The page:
Fri, 05 Dec 2003

Focus on the poor

The focus of the World Bank Group's Country Assistance Strategy (CAS) for Indonesia for the 2004 to 2007 period will be, by and large, very similar to that of the 2001 to 2003 CAS -- that was, to reduce poverty through improving the investment climate, service delivery and governance.

This means that, apart from the regaining of macroeconomic and political stability, there have not been any other significant achievements made by the country over the past six years of its economic debacle.

In fact, judging by the 2001 to 2003 CAS targets, the country has largely been hovering at base-case performance over the past three years, with World Bank loan disbursements averaging only around US$400 million a year.

The incidence of absolute poverty did decrease from 27 percent of the total population in 1999, to 16 percent today (34 million). However, the overall condition of the country remains fragile as an estimated 110 million people still live on the verge of poverty with a daily expenditure of less than US$2. A slight decline in economic performance could plunge this large number of people into absolute poverty.

It is no wonder the CAS foresees that Indonesia will remain in a core World Bank lending program (base case) of between $450-850 million, much lower than the pre-1997 crisis high-case lending of up to $1.4 billion a year.

As poverty reduction is the overarching goal of the World Bank, a majority of the available funds will be allocated to the support of poverty-oriented projects at local and community levels.

This doesn't, however, mean simply pouring money into the communities of the rural or urban poor. The availability of loan funds will depend on predetermined performance benchmarks in transparency, accountability, efficiency and pro-poor development approaches.

The World Bank, sharply criticized for its strong support of the corruption-infested Soeharto regime for more than three decades, set good governance as one of the three top-priority programs within its 2004 to 2007 CAS. This basically made a lot of sense, because quality governance will influence the other two top-priority programs, improving the climate for high-quality investment and making service delivery responsive to the needs of the poor.

To put it briefly, combating corruption is the core issue of governance because, as the World Bank has often pointed out, corruption poses a particular problem for Indonesia. Thus, the bank aims to integrate governance through all its programs; from how projects are selected and designed, through to how they are implemented and monitored.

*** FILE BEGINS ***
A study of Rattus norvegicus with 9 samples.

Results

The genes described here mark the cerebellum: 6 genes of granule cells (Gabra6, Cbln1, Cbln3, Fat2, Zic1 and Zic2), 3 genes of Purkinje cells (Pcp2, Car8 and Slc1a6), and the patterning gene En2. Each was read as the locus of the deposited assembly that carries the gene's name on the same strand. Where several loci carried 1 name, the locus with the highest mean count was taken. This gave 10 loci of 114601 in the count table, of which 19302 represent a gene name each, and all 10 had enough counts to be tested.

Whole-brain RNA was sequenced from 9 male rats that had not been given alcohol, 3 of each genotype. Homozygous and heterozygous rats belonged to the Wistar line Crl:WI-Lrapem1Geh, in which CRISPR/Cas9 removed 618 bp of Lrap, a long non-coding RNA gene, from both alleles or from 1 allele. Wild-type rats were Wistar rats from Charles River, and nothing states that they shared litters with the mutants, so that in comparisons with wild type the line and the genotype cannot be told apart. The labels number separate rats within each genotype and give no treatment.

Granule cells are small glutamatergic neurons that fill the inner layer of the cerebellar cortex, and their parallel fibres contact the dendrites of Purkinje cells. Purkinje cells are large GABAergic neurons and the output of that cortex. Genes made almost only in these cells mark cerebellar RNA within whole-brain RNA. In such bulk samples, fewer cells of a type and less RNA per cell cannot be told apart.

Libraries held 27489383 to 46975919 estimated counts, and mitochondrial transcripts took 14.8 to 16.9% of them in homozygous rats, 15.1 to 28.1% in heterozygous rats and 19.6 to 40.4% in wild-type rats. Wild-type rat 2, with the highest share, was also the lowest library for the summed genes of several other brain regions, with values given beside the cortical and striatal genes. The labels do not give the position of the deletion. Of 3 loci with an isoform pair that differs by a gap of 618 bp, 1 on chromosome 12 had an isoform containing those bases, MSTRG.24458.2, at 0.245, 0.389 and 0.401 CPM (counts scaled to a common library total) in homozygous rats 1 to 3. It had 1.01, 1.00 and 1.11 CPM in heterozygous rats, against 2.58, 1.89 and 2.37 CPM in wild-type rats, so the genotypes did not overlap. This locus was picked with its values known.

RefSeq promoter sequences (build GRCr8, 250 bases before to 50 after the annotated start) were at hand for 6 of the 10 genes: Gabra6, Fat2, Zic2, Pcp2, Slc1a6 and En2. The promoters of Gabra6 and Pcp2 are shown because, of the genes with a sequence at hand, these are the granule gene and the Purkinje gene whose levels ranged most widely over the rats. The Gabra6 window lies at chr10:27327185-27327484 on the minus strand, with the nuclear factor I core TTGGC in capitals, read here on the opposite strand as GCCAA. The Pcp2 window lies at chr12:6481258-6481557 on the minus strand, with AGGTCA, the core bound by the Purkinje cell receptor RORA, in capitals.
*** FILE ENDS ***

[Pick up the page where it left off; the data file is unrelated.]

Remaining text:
The World Bank has rightly concluded that poverty alleviation is hindered by inadequate employment opportunities and the lack of quality service delivery to the poor.

The persistently high unemployment rate has resulted from the low rate of new investment, which was in turn caused by bad governance. But good governance -- meaning effective law enforcement, good financial management and a good accountability system -- will not only improve the delivery of basic services to the people but also stimulate new investment.

The new CAS, therefore, will address the key areas most essential in attracting investment: stronger macroeconomic stability and financial sector, highly competitive business sector and adequate infrastructure.

The new CAS, like the 2001 to 2003 one, also promises a high- case lending program of up to $1.4 billion a year, contingent upon Indonesia's exceedingly high performance in implementing key reform areas. Yet it projects a base-case scenario ( 4-5 percent) for the country's economic growth between 2004 and 2007.

It is encouraging to note that the new CAS was drawn after gathering inputs through intensive consultations with more than 500 representatives from civil society organizations, in various provinces and central and local governments.

But the World Bank is also fully aware of the high risks of meeting even the base-case scenario of the CAS objectives. It fully realizes that the highest risk to the achievement of the CAS objectives is that the political will to address the issues of governance will not be forthcoming, given the utterly poor records in the anti-corruption campaign so far, and especially in view of the electoral period next year.